It was a tense meeting, but not because of the switch to Singapore. The tension stemmed from the fact that oversight of the IANA functions was a constant theme, running through every session. And from the fact that the week drew to a close without the numerous discussions apparently having moved the process forward at all.
Oversight of the IANA functions was again the focus
Proceedings were of course dominated by the US authorities' handover of responsibility for supervising the IANA functions. In March 2014, the US announced that it wanted to transfer its historical responsibility for oversight of the IANA functions to the international internet community. ICANN – the body that performs the IANA functions – was asked to organise the transition. For more information about the transition process and what the IANA functions are, please refer to my earlier blogs.
The domain name community hasn't yet reached agreement
The schedule called for each of the sub-communities associated with the individual IANA functions (domain names, IP and AS numbers, protocol parameters) to have a proposal for oversight of its own field ready by the end of January 2015. Both the number community and the protocol parameter community managed to meet that deadline. The domain name community did not, however. Indeed, it has still not reached agreement at the time of writing.
Opinion divided on how IANA functions should be transferred
At the moment, two groups are working on proposals for the domain name function. First there is the IANA working group, which was given the task of formulating a transfer proposal. Unfortunately, this working group has been unable to reach consensus as to whether it should be possible for the community (in the last resort) to transfer the IANA function to a body other than ICANN at any given time. Many stakeholders regard that as an important principle, but opinion is extremely divided as to how the principle should be implemented. The working group has now engaged a law firm to advise on the legal implications of the various suggested solutions.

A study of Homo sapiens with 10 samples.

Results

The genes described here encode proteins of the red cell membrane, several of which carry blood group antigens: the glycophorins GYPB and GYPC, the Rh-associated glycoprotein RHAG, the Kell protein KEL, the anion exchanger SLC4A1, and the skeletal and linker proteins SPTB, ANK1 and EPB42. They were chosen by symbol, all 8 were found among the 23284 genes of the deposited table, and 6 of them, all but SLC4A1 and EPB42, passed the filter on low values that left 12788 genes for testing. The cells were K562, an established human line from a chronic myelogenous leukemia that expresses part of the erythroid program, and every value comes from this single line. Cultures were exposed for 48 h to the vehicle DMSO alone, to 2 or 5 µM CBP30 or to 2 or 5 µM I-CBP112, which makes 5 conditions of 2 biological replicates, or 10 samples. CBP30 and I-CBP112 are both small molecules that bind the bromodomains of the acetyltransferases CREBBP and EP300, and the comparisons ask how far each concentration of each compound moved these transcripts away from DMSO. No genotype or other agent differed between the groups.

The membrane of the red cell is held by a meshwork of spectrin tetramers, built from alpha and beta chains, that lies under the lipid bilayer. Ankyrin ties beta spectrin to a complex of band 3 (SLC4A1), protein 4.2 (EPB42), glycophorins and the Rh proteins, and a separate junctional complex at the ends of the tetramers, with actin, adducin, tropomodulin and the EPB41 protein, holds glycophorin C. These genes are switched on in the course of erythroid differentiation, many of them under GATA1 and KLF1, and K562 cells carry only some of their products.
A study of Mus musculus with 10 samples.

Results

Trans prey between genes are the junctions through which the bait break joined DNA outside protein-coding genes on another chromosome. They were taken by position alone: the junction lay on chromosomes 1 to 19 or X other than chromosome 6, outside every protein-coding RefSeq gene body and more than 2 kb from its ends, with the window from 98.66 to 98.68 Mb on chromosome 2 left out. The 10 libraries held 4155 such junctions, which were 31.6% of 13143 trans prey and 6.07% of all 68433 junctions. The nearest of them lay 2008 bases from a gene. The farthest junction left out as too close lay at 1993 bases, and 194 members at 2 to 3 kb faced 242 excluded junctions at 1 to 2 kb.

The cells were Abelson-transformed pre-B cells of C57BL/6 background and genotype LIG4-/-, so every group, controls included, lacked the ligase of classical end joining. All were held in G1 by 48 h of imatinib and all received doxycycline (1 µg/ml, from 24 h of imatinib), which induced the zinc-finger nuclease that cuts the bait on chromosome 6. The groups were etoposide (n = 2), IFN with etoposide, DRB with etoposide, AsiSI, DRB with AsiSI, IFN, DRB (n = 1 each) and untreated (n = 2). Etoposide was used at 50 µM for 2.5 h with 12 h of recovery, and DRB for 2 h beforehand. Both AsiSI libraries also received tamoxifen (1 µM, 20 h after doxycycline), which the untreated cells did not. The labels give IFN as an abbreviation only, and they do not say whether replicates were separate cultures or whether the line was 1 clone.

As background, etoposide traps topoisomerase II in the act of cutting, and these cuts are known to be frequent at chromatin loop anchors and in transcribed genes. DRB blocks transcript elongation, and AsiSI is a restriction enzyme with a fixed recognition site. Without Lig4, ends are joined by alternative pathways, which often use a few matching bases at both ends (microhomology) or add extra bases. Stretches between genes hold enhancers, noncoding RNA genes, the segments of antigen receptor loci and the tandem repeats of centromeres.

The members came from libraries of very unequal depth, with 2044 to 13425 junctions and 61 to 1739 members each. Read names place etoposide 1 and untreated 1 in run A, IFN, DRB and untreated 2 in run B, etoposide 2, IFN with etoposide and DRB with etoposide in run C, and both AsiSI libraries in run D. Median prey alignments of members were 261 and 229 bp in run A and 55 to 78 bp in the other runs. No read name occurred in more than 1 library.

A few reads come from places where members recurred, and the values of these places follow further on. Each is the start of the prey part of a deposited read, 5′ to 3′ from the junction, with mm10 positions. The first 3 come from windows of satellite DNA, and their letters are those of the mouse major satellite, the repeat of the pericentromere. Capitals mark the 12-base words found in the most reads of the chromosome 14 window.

ICANN accountability arrangements must be in place before transition
The second group active in this field is the Accountability Working Group, which is looking at ICANN's structure. The Accountability Working Group's particular focus is how to ensure that decisions are made within ICANN in a sound, consensual and responsible manner and are subject to proper supervision and control. Although such matters were originally separate from the IANA oversight transition, they have since been linked – first by the domain name community itself, and later by Larry Strickling on behalf of the US government. ICANN must have accountability arrangements in place before the IANA oversight transition can go ahead.
Unfortunately, the Accountability Working Group did not start work until December. It has, however, made a positive start. Ultimately, what is at issue here is representation within ICANN.
Supervisory body to oversee the ICANN board
At present, the board is ICANN's supreme decision-making body. The board is appointed partly by the community and partly by a specially created committee, known as the Nomcom. The drawback of the existing structure is that, once appointed, board members are expected to concern themselves primarily with the organisation's interests and that is what they do. Consequently, in recent years a strong perception has developed within the community that the board does not always succeed in taking proper account of the interests of the various stakeholders. The Accountability Working Group is therefore trying to devise community-based mechanisms to replace the ultimate authority that the US government currently has over ICANN by virtue of the IANA oversight arrangements. Amongst the ideas being considered by the working group is the creation of a supervisory body, on which the chairs of all ICANN's component communities (country code community, generic code community, internet community, etc) are represented. The suggestion is that the supervisory body would have the power to review decisions of the board and/or to dismiss the board.
ICANN meeting was mainly about liaison with the wider community
Both working groups used the numerous sessions of ICANN 52 mainly to talk to the wider community about their activities. Proceedings were therefore completely dominated by transition issues. However, neither group had reached the point where substantial discussion of their proposals was possible. Consequently, the meeting was ultimately a little uneventful.
SIDN actively involved with both working groups
As manager of one of the world's biggest country-code domains and an active ICANN participant, SIDN has a material interest in the activities of both working groups. The US government's transfer of oversight of the IANA function to the internet community is very important for the multistakeholder model; if the process were to go badly, the model's credibility could be seriously harmed. SIDN is therefore represented in the Accountability Working Group by Roelof Meijer, while I myself am a member of the IANA Working Group.
A revised timetable has been drawn up, under which a definitive proposal should be in place by June. Even that looks like a very ambitious target to me. What we can be sure of is that a great deal of time will again be devoted to this subject at the ICANN meeting in Buenos Aires at the end of June.